This talk will begin with “a brief history of queer theory” to frame the question of sexuality’s decline in two historical registers: first, through the contemporary episteme of neoliberalism, with its aestheticizing of social difference and affects; second, through placing Michel Foucault’s canonical account of the 18-19th century emergence of “sexuality” in the longue durée of the 15th century colonial, transatlantic slave trade. From that doubled lens, we will then explore what the decline of sexuality might mean for how we are living “race.” If race has always been sexualized and sexuality has always been racialized, how do processes and affects of racialization alter in the eclipse of sexuality? How might this open us all onto living social difference in the 21st century as a living inside race? And how, particularly, might this expand the cultural syntax of affect beyond that of liberal sentimentality?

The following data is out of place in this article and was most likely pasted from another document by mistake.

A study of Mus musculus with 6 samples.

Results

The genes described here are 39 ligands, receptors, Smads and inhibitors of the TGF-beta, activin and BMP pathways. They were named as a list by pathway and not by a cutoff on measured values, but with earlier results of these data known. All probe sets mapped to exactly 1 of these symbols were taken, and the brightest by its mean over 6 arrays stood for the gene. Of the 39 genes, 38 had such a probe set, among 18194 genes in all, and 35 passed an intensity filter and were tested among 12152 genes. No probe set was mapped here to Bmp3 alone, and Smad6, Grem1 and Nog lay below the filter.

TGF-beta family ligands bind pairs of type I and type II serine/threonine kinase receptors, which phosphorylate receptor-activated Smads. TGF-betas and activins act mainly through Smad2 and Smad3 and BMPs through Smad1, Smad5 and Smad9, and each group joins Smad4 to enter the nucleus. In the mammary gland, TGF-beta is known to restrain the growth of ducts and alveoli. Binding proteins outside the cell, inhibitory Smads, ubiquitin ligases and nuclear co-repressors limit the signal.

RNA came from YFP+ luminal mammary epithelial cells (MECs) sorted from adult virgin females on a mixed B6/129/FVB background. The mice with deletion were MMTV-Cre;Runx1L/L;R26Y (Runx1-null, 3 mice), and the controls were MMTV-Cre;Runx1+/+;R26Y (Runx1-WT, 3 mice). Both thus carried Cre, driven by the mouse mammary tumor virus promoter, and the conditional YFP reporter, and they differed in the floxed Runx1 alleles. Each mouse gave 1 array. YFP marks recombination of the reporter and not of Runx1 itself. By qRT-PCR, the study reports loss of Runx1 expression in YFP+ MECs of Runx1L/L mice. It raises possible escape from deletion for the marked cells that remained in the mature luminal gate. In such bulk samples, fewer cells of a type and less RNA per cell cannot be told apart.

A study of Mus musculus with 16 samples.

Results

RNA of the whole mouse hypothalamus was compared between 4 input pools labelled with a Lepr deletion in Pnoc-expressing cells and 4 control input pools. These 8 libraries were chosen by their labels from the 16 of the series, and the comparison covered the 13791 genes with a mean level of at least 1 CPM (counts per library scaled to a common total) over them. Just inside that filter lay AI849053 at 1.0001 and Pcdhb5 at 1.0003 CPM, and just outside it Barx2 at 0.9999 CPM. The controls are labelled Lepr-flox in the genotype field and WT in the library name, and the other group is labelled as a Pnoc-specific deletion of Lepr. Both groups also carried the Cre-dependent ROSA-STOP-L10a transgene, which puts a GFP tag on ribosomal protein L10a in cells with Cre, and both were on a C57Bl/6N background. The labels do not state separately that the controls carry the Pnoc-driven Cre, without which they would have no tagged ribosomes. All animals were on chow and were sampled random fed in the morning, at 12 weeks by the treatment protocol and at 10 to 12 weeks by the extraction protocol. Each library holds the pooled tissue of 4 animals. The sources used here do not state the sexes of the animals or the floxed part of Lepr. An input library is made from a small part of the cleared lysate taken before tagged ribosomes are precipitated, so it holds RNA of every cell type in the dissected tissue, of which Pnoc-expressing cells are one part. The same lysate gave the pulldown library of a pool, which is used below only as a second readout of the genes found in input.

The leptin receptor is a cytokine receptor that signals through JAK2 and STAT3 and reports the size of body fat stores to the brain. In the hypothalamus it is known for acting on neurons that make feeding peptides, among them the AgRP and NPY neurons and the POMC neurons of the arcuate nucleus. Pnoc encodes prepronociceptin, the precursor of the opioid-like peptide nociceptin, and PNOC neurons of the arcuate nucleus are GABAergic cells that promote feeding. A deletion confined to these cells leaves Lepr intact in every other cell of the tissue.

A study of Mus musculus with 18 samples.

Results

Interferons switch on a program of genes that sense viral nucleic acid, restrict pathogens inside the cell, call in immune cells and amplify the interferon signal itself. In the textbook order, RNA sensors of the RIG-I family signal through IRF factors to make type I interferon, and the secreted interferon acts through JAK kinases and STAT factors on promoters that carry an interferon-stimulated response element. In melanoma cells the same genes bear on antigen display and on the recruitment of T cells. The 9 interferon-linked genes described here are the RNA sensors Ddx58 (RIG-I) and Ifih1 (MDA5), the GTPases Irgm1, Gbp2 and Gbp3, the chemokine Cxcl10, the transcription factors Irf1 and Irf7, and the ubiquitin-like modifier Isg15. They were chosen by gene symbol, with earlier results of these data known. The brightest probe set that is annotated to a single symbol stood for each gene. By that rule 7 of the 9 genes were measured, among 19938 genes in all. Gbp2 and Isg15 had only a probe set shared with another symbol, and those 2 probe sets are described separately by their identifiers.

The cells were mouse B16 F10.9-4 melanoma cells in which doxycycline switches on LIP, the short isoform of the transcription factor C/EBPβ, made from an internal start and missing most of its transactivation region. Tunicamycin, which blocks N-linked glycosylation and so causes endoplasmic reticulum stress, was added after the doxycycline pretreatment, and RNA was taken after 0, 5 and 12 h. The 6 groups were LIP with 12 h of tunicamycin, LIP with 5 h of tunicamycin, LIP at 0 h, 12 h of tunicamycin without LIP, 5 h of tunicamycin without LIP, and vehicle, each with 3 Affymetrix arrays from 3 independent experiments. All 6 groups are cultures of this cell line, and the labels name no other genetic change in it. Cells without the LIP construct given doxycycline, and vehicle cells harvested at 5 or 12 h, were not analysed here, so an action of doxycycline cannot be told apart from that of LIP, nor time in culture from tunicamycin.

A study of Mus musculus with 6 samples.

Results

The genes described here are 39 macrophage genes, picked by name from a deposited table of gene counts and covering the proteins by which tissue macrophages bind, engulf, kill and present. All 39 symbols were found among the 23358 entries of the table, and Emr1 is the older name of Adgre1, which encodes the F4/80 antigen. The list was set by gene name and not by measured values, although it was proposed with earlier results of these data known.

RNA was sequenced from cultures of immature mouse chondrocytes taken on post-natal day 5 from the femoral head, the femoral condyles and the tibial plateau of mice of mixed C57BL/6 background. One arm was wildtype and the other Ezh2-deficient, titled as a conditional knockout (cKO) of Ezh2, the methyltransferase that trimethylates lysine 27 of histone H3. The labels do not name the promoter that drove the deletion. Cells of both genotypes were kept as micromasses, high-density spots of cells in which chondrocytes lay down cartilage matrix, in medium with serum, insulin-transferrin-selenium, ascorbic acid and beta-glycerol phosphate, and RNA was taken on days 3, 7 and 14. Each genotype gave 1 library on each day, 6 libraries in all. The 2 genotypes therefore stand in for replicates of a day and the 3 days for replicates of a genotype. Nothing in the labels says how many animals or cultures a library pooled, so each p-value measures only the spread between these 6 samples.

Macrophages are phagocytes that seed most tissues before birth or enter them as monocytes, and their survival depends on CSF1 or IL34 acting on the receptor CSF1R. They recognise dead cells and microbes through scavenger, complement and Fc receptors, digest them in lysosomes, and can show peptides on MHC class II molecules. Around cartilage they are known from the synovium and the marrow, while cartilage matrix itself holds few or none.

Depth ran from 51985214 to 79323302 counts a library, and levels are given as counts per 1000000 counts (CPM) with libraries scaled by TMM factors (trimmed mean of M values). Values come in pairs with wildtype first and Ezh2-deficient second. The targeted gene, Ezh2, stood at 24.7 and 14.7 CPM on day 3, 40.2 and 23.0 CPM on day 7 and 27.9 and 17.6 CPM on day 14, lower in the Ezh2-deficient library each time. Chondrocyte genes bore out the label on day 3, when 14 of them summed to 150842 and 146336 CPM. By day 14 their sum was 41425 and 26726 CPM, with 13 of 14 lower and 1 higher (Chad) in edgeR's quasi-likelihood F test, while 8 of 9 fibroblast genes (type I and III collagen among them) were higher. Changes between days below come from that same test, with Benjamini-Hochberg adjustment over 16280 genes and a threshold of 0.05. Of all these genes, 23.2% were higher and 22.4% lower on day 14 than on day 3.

Shannon Winnubst to speak on “After Sex, Inside Race: Living Difference in the 21st Century” on Oct. 3
Shannon Winnubst will speak on “After Sex, Inside Race: Living Difference in the 21st Century” on Tuesday, October 3rd at 4:30 in DeTamble Auditorium as part of the Dean Family Series.
What if sexuality is in decline? What if one of the most powerful apparati of modernity is slipping, losing its hold? And what, especially, might this mean for the longstanding social ontology of race?
A reception will follow in Ammons Lounge.
Winnubst is the Chair of the Department of Women’s, Gender, and Sexuality Studies at Ohio State University and co-editor of Philosophia: A Journal of Continental Feminism. She is the author of Way Too Cool: Selling Out Race & Ethics (Columbia UP: 2015) and Queering Freedom (Indiana UP: 2006). She was also editor for Reading Bataille Now (Indiana UP: 2006).